Penny Adams

by David Alan • Photography by Knoxy

Penny Adams’ connection to the Texas soil began early in life, during the many hours spent visiting and helping out at her grandparents’ farm in Lubbock. The connection deepened just after high school, when she moved to College Station to pursue a degree in Texas A&M’s Horticultural Sciences program. There, she fell in love with the science and art of growing grapes, and though grapes had grown in Texas since time immemorial, they hadn’t been grown for commercial wine production since before Prohibition. The inchoate Texas wine industry proved alluring to Adams, and while looking for a summer work-study program, she received a fortuitous phone call from a University of Texas professor, Dale Bettis, whose fledgling Blanco County vineyard was in need of a steward. In the early ’80s, the small Hill Country planting became Cypress Valley Vineyards—the fifth winery in Texas—and Penny Adams, who later married Bettis, was at the helm.

Given the success of today’s Texas wine industry, it’s difficult to imagine what those frontier days were like. “My early career was definitely more challenging than today,” says Adams. “Texas wines weren’t taken seriously back in the early 1980s, and the industry faced many challenges that impacted our progress—mostly political and marketing challenges.” There was a good deal of gender-bias at that time, too, because the industry had traditionally been led by men. Yet, the essential skills required for the job are gender-neutral. “It is very physically demanding,” Adams says. “But I haven’t let that deter me in the least. Regardless of gender, the same skill set is required: a strong science background, mechanical skills, strategic management and organizational skills, a very strong work ethic, passion for the job and having a good palate.” And Adams relishes any opportunity to encourage and mentor other women wishing to enter the field. “Over the years, I’ve received many inquiries from young women wanting inspiration and direction as to how they might pursue this work,” she says. “What an honor to have others follow in my footsteps.”

Though Adams is known as the first female winemaker in Texas, she’s spent most of her career in viticulture (the study of grapes). Some winemakers have little or no experience in this area, because many of the winemakers in Texas don’t grow their own grapes. Much of the grapes used are grown in the high plains of West Texas—if they’re grown in Texas at all. In 1979, there were only five wineries in Texas; there are now more than 350. Yet, the total number of acres under cultivation for wine grapes is fewer than 5,000—statewide. Just the central valley of California has more than 300,000 acres “under vine,” and that doesn’t include the hundreds of thousands of acres grown elsewhere in the state. Even Texas wineries that have been in business since the 1970s are buying grapes from California. Adams believes that having her hands directly in the actual growing process has an impact on the finished product—in the same way that a passion for cooking can stem from a passion for gardening. “We go into it with a strategy that starts in the vineyards,” she explains. “You grow the wine in the field.”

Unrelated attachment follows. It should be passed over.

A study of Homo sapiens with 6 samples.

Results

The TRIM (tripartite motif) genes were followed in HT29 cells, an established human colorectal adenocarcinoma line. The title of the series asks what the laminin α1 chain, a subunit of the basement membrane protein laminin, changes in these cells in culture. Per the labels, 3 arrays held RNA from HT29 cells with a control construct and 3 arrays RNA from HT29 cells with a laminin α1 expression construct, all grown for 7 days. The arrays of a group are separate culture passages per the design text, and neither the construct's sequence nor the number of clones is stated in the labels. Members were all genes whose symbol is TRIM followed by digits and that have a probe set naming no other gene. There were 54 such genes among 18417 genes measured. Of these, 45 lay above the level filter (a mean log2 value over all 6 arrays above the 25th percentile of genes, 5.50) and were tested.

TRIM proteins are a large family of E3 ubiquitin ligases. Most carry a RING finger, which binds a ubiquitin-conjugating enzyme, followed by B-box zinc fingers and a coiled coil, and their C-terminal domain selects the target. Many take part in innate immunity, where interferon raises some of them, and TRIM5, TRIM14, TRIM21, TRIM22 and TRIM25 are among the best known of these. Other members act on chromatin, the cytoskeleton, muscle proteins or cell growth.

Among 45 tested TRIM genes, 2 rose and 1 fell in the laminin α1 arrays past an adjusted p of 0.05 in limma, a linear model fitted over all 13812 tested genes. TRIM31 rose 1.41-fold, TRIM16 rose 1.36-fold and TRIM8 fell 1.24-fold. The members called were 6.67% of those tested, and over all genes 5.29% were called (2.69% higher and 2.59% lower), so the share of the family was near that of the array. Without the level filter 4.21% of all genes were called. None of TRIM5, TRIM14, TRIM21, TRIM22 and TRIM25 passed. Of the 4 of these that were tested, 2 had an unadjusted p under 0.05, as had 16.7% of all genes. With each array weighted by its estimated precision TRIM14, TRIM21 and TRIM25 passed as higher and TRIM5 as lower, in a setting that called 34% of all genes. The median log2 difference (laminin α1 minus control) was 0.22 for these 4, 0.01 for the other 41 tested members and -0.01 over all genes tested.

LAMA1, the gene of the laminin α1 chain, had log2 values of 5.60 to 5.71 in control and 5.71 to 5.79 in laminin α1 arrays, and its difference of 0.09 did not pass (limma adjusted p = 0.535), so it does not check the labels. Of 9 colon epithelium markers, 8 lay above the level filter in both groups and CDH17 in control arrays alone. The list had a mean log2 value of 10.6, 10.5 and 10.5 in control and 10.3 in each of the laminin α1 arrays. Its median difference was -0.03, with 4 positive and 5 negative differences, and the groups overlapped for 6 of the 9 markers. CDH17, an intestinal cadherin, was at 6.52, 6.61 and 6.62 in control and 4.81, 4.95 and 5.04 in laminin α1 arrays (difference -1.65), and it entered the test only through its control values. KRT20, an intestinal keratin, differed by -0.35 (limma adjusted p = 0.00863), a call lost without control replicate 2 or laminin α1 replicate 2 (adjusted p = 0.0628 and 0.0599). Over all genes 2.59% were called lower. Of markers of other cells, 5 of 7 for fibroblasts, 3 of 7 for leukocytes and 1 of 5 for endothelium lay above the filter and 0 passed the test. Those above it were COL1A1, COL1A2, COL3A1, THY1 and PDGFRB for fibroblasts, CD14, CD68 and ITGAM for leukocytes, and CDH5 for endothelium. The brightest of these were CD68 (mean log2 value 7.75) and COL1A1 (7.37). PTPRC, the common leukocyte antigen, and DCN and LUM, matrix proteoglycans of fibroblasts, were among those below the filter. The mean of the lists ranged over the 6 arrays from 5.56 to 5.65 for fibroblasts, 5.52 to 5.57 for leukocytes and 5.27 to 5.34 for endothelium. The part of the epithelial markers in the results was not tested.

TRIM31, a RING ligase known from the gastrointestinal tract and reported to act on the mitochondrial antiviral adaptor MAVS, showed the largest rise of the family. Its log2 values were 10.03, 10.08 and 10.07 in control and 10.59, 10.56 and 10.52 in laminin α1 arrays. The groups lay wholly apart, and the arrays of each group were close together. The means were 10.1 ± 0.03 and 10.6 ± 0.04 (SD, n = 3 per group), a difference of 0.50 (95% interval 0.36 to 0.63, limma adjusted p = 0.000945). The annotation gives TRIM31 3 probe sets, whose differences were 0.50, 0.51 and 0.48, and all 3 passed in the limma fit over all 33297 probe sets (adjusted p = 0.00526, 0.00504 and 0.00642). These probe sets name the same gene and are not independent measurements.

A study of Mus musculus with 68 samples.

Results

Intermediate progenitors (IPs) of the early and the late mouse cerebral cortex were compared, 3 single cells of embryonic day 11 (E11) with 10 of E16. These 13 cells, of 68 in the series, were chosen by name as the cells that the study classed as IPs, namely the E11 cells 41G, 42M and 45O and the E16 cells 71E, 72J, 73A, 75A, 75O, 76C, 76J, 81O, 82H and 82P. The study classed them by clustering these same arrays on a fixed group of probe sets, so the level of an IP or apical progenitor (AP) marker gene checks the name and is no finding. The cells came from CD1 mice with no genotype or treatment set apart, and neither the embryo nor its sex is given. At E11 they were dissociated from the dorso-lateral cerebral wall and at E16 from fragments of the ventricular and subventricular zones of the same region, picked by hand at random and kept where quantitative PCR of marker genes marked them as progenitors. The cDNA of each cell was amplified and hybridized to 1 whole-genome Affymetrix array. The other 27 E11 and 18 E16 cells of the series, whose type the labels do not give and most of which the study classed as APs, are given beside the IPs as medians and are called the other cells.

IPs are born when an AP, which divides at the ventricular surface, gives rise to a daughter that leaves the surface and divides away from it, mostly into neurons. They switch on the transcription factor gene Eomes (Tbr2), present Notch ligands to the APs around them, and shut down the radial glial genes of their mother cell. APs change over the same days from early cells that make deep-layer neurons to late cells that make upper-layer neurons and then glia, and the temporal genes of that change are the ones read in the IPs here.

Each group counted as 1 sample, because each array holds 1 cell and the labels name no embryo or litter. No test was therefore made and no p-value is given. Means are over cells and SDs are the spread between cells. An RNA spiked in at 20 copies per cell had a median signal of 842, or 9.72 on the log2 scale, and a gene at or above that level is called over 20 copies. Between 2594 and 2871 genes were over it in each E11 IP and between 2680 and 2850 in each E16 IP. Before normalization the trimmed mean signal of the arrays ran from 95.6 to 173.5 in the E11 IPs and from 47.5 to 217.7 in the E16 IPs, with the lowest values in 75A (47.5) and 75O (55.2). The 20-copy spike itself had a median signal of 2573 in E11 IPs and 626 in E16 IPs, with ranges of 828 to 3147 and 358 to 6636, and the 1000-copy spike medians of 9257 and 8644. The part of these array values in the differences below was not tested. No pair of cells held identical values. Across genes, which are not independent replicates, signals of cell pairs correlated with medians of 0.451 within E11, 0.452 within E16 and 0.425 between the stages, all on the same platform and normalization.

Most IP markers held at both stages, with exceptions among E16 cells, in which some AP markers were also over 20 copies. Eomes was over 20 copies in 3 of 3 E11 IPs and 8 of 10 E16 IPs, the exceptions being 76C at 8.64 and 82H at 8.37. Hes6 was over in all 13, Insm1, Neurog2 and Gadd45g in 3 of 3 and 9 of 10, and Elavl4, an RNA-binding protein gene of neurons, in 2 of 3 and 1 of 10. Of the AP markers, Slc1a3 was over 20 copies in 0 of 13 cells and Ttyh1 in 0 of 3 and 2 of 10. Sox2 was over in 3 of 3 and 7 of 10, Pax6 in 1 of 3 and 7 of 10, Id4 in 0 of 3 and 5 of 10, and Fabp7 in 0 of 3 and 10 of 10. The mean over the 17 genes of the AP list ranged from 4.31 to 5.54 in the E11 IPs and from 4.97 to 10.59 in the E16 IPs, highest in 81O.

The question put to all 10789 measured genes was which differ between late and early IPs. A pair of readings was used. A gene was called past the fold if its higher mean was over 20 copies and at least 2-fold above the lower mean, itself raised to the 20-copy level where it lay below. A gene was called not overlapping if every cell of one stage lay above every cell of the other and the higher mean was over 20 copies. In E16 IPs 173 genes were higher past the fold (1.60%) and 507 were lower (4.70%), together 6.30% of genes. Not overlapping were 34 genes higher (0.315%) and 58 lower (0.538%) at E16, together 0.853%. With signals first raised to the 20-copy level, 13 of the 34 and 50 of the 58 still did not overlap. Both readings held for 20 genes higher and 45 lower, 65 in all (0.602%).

adams2She also believes that it’s vital to understand the modern wine consumer. “Customers come to the tasting room asking for pinot noir and cab because that’s what they’re familiar with,” Adams explains. “Then there are those who think viognier is like the chardonnay of Texas, or tempranillo is our red grape.” (Although Adams remains unconvinced.) “Educating the customer is a top priority—find out what type of wine they like to drink, how and when they like to drink it, then steer them towards one that makes sense for them.”

Adams’ approach to winemaking has paid off. Her latest venture is Wedding Oak Winery in San Saba, Texas. Founded in 2012 by local grape-grower Mike McHenry, the winery has won more than two dozen medals in its short existence—including a gold medal and “Best in Varietal” status for its 2013 sangiovese. And at the 35th annual San Francisco International Wine Competition, the winning streak continued. Wedding Oak’s 2013 albariño won “Best Albariño” and “double gold” status—meaning the judges were in unanimous agreement about the gold medal.

Though she’s been involved in the Texas wine industry almost since the beginning, it’s a mistake to speak of Adams’ “pioneering” days in the past tense, because the industry is still constantly evolving. “The Texas wine industry took a turn around 2000,” she says, “when young winemakers started getting into the business. For many years, it was a business for retired people.” Adams welcomes and delights in the “new blood” and in the innovation and fresh vision these young winemakers bring to the table. “I feel like the future will bring continued growth in the number of wineries and volume of grapes and wines produced,” she says, “but also, improvements in wine quality and wine styles resulting from growing grape varieties in the best locations—expressing true terroir in the finished wines. I’m blessed to love my job, work with wonderful people and to help contribute to the rise and recognition of Texas wines.”

For more, visit weddingoakwinery.com or call 325-372-4050.